SANTA MONICA, Calif., March 6, 2013 /PRNewswire-USNewswire/ -- ProCon.org announces its new video about the pros and cons of electronic voting machines. After the "hanging chad" paper ballot debacle in the 2000 Bush-Gore elections, direct recording electronic (DRE) machines, often called electronic voting machines, became increasingly popular. DREs were used in 39% of all US precincts in the 2012 presidential election.
The latest ProCon.org video focuses on facts, studies, and pro and con arguments about whether or not electronic voting machines improve the voting process or create more uncertainty and risk.
Proponents argue that electronic voting machines are a reliable, modern technology; make voter intent clear; reduce lost votes; enable voting in multiple languages; and facilitate voting for blind voters. Opponents argue that electronic voting machines are vulnerable to hackers, can be opened with a standard minibar key, are prone to malfunction, and often lack a paper audit trail thus making recounts impossible.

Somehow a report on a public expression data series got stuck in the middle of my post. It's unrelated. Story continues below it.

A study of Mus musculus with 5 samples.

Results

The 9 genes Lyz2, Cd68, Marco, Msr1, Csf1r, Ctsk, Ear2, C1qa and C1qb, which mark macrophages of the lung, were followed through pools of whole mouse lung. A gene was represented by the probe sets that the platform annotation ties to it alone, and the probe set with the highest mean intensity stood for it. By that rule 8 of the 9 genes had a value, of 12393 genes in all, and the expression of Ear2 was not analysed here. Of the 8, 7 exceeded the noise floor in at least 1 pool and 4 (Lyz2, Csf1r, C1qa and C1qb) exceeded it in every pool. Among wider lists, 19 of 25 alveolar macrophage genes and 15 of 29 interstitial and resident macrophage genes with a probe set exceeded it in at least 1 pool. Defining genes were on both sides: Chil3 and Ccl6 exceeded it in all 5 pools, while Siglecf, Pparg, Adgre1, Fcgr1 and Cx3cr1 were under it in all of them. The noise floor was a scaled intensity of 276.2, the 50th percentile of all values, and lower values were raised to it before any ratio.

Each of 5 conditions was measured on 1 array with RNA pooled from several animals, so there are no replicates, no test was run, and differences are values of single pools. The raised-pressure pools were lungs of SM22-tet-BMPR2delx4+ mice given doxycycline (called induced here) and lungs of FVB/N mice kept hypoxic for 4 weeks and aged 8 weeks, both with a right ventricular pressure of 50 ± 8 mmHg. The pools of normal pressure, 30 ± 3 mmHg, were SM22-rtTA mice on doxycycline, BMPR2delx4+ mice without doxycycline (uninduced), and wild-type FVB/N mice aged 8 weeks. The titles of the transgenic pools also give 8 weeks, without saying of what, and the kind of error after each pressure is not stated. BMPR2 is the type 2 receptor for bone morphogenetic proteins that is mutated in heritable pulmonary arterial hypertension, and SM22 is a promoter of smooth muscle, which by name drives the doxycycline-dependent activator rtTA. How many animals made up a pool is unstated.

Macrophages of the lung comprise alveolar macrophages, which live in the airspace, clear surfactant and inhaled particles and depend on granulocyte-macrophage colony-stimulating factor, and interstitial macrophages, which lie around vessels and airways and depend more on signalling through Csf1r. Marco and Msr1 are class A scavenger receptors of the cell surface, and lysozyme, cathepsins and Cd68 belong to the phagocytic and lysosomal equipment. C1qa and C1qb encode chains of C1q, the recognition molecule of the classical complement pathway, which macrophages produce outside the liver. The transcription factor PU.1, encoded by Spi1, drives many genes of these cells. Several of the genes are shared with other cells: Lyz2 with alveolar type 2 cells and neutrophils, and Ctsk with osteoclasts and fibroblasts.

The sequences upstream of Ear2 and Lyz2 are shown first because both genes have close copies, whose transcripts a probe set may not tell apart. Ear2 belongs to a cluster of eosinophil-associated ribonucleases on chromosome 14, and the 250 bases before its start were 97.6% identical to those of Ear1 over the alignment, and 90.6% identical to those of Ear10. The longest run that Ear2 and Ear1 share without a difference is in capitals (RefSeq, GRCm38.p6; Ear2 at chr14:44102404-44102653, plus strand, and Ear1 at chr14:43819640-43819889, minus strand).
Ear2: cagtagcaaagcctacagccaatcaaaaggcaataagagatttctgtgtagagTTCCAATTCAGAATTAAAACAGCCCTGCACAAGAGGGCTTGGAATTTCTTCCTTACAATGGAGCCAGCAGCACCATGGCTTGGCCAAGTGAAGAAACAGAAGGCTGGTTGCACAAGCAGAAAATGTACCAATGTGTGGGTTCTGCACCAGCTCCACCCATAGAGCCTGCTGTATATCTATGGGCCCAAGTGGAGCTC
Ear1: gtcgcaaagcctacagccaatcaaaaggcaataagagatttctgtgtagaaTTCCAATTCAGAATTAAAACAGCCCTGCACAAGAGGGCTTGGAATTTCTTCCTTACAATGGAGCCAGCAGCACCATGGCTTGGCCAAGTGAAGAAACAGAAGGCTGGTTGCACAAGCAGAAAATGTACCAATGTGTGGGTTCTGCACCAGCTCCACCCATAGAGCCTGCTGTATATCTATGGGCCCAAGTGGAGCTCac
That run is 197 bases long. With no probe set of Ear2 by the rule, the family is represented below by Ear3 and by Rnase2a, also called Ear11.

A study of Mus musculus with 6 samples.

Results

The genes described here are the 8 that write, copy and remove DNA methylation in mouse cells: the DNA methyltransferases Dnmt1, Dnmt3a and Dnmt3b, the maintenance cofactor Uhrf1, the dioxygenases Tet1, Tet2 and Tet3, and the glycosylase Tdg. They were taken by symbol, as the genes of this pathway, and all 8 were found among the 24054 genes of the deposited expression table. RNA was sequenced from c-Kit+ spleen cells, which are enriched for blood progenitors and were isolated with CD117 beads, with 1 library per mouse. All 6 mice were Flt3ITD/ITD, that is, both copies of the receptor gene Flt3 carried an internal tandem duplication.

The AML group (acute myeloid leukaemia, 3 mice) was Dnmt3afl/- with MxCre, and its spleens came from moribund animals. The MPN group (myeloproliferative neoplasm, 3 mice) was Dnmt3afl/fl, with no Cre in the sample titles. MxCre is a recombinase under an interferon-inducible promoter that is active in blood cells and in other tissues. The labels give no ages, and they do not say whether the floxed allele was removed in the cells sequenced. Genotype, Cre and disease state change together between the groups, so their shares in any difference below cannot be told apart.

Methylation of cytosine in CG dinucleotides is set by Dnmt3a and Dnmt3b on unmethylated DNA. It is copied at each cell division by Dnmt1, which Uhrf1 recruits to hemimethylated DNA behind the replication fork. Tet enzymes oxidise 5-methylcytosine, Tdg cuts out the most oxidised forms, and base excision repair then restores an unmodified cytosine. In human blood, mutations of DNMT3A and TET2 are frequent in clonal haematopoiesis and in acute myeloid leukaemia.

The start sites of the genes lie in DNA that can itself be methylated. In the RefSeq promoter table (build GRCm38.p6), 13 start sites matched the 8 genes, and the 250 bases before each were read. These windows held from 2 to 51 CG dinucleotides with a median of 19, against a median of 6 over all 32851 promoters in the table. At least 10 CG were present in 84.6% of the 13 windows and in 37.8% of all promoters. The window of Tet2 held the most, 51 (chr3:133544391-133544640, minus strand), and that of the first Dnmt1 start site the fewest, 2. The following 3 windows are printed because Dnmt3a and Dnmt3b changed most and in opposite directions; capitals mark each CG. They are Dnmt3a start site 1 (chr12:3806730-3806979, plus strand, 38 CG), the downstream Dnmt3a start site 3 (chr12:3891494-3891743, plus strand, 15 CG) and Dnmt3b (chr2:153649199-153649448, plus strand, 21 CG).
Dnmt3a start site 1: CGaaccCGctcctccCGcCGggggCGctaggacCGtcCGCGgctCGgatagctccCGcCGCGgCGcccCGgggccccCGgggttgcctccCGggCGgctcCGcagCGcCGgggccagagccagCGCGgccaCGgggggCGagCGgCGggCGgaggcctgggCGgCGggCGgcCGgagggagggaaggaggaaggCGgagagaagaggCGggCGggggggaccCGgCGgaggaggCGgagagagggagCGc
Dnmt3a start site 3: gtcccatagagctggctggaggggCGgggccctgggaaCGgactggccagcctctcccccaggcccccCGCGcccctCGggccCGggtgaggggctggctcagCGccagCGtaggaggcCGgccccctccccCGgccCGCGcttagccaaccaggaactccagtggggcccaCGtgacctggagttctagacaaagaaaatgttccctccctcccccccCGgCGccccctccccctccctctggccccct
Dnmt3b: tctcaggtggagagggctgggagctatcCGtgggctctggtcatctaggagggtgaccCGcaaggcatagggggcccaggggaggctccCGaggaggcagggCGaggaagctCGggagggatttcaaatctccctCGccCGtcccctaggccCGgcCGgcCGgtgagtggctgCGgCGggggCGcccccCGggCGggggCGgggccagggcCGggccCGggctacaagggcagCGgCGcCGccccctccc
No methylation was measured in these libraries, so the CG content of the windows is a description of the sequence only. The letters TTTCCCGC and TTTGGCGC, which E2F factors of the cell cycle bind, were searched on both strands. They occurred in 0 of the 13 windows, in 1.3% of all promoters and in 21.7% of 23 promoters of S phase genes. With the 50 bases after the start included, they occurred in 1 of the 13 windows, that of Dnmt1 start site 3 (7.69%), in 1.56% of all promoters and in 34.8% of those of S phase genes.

This third episode in ProCon.org's Critical Thinking Video Series was sponsored by the generous support of the Herb Block Foundation (www.herbblockfoundation.org), who's "Encouraging Citizen Involvement" grants help to "ensure a responsible, responsive democratic government through citizen involvement."
The 3:22 video production is available for viewing on the ProCon.org website at http://votingmachines.procon.org/view.resource.php?resourceID=005229. It has also been posted to the ProCon.org YouTube channel at http://www.youtube.com/proconorg.
For more information about electronic voting machines, visit the ProCon.org website, http://votingmachines.procon.org, which explores the topic "Do voting machines improve the voting process?"
For information about ProCon.org, visit www.procon.org.